North Carolina legislature passes Restore Campus Free Speech Act

by WorldTribune Staff, August 1, 2017

North Carolina’s legislature has passed a campus freedom of expression bill that will prevent college administrators from disinviting speakers some on campus find objectionable and disciplines those who “shut down” the speech of others.

The Restore Campus Free Speech Act passed the NC House 80-31 with 10 Democrats voting in favor and passed the NC Senate 34-11 along strict party lines.

The law ‘draws the Board of Governors into more active oversight of campus free speech and serves as a check on administrative abuse on issues like free-speech zones.’

Gov. Roy Cooper has said he will take no action on the legislation.

The legislation is based on the Goldwater proposal, co-authored by Stanley Kurtz, Jim Manley and Jonathan Butcher of Arizona’s Goldwater Institute. The proposal is also under consideration by several other states.

Kurtz, writing for National Review on July 31, said Lt. Gov. Dan Forest was “the guiding force” behind North Carolina’s Restore Campus Free Speech Act.

Forest “deserves great credit for moving it through the legislature,” Kurtz wrote, adding the lieutenant governor and his staff “provided critical early encouragement and support for the approach that eventuated in the Goldwater model bill.”

The bill “ensures that University of North Carolina policy will strongly affirm the importance of free expression,” Kurtz wrote.

Along with preventing administrators from disinviting speakers “whom members of the campus community wish to hear from,” the legislation “establishes a system of disciplinary sanctions for students and anyone else who interferes with the free-speech rights of others, and ensures that students will be informed of those sanctions at freshman orientation,” Kurtz, a senior fellow at the Ethics and Public Policy Center, wrote.

“It reaffirms the principle that universities, at the official institutional level, ought to remain neutral on issues of public controversy to encourage the widest possible range of opinion and dialogue within the university itself.”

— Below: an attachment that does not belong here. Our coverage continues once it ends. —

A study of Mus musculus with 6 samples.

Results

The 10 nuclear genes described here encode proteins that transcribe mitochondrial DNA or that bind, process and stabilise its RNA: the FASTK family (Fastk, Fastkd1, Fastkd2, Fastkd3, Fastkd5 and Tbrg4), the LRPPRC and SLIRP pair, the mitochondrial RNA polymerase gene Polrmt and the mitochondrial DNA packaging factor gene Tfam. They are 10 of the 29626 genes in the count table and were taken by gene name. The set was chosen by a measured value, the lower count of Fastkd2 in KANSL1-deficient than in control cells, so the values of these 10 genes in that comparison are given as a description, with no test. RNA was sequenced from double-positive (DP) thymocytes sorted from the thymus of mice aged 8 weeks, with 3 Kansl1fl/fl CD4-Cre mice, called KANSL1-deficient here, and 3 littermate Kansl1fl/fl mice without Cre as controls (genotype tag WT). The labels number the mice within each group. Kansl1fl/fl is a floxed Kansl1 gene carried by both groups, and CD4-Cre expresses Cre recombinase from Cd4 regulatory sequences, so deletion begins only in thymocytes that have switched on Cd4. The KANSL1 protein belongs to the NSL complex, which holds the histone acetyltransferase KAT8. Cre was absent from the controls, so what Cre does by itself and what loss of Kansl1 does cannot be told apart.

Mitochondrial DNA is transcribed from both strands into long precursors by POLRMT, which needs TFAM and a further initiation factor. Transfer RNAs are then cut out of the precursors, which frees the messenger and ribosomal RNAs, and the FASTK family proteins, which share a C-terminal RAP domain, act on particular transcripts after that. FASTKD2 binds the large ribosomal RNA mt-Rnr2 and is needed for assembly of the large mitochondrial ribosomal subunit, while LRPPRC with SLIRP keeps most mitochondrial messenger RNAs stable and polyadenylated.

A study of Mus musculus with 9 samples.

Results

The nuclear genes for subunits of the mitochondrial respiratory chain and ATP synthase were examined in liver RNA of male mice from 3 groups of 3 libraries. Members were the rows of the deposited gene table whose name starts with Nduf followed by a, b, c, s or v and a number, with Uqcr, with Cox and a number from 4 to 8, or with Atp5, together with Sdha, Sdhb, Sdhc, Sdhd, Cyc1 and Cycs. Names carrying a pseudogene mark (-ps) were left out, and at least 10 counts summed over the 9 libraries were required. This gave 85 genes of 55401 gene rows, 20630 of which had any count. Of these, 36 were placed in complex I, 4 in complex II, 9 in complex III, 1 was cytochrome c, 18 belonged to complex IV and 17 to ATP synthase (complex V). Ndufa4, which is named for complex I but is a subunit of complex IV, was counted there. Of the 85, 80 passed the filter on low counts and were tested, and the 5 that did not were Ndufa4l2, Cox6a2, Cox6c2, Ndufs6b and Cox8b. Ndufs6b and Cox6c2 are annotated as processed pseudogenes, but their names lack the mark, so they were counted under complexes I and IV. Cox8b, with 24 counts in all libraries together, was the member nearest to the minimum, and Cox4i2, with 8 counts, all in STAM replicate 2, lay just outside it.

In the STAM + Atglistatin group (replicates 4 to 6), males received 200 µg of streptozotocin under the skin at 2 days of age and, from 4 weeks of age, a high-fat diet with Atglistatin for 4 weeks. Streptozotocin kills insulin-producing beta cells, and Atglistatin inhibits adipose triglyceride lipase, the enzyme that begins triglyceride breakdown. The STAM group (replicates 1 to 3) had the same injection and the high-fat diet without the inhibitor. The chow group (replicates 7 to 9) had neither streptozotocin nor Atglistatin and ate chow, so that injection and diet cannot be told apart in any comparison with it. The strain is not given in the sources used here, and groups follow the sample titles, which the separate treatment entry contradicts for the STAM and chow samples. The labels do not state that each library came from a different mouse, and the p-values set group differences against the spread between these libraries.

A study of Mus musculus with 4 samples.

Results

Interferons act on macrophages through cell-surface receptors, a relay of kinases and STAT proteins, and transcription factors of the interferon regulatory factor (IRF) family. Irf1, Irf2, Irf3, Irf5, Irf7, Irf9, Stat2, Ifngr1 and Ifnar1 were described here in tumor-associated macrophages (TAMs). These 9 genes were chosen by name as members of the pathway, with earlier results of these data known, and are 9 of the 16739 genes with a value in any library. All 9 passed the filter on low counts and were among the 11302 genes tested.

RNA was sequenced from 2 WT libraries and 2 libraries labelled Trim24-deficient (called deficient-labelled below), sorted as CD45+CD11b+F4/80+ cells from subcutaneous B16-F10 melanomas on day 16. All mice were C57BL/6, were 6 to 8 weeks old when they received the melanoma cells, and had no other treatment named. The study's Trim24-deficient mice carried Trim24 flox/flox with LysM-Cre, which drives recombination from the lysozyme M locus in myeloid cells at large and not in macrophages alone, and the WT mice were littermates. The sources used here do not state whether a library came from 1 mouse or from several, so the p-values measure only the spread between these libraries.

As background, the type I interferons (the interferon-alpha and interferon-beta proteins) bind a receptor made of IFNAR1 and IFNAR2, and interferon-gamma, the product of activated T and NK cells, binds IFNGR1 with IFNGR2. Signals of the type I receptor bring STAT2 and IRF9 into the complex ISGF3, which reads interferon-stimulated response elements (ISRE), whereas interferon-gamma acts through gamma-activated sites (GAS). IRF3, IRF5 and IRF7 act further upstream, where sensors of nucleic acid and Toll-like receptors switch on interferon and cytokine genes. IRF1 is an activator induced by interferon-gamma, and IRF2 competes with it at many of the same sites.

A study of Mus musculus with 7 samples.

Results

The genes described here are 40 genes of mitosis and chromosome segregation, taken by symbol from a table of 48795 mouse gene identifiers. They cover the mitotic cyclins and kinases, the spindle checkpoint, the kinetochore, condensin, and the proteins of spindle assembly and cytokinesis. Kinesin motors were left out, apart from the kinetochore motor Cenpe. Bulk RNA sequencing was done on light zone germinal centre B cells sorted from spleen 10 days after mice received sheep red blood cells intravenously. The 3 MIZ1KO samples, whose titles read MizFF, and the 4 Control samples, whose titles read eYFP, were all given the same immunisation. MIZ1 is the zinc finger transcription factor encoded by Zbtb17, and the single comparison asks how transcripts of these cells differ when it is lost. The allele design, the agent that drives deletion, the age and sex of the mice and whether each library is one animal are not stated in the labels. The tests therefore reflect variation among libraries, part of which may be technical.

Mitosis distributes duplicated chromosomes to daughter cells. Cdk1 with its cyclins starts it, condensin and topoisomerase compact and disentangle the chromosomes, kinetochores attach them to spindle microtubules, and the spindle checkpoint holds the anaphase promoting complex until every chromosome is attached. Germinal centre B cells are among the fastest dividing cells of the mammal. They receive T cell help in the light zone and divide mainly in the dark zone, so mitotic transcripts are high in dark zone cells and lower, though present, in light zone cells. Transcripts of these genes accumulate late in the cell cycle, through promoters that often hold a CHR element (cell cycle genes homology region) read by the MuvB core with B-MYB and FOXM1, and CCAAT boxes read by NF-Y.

Kurtz noted that the law “also sets up a special committee within the UNC Board of Governors to issue an annual report on campus barriers to free expression. This provision draws the Board of Governors into more active oversight of campus free speech and serves as a check on administrative abuse on issues like free-speech zones.”

The North Carolina bill “is substantially weaker than the original Goldwater proposal” in one area, Kurtz said.

“Although the North Carolina law will establish sanctions for students who shut down the speech of others, will protect the due-process rights of the accused, will inform students at freshman orientation of penalties for shout-downs, and will see that the administration of discipline is monitored by the Board of Governors, the provision that would have mandated suspension for students twice found responsible for silencing others was struck.”

Kurtz wrote: “That provision is important for a number of reasons. First, the punishment is just. A student who twice silences visiting speakers or fellow students obviously hasn’t learned a lesson from the initial punishment. Yale’s famous Woodward Report of 1974, the classic statement on campus free-expression, recommended suspension or expulsion after only a single shout-down.

“The Goldwater proposal is mild by comparison. Second, since universities regularly ignore shout-downs or hand out meaningless punishments, the mandatory suspension for a second offense is the only way to prevent schools from undermining the law by handing out wrists-slaps ad infinitum. Finally, when students learn at freshman orientation that state law requires a significant suspension for participation in a second shout-down, this will have a powerful deterrent effect. Without the mandatory suspension for a second offense, the university could conceivably undermine the law through lax enforcement.”

Kurtz noted that Tennessee has also recently passed a campus free-speech bill.

“While the Tennessee law is excellent in many respects, it does not systematically address the issue of discipline for shout-downs. Should the University of Tennessee refuse to discipline shout-downs in the coming years, the limitations of the new law will be evident and a campaign to add discipline provisions will ensue.

“Any state bill can be strengthened in a second legislative round if universities continue to abuse their powers. Campus free-speech legislation is now in play as never before. Administrators will have to take that into account when they decide how to handle free speech. In short, the public has awakened and is actively pushing back against the illiberal assault on speech. That is a silver lining in the current crisis.”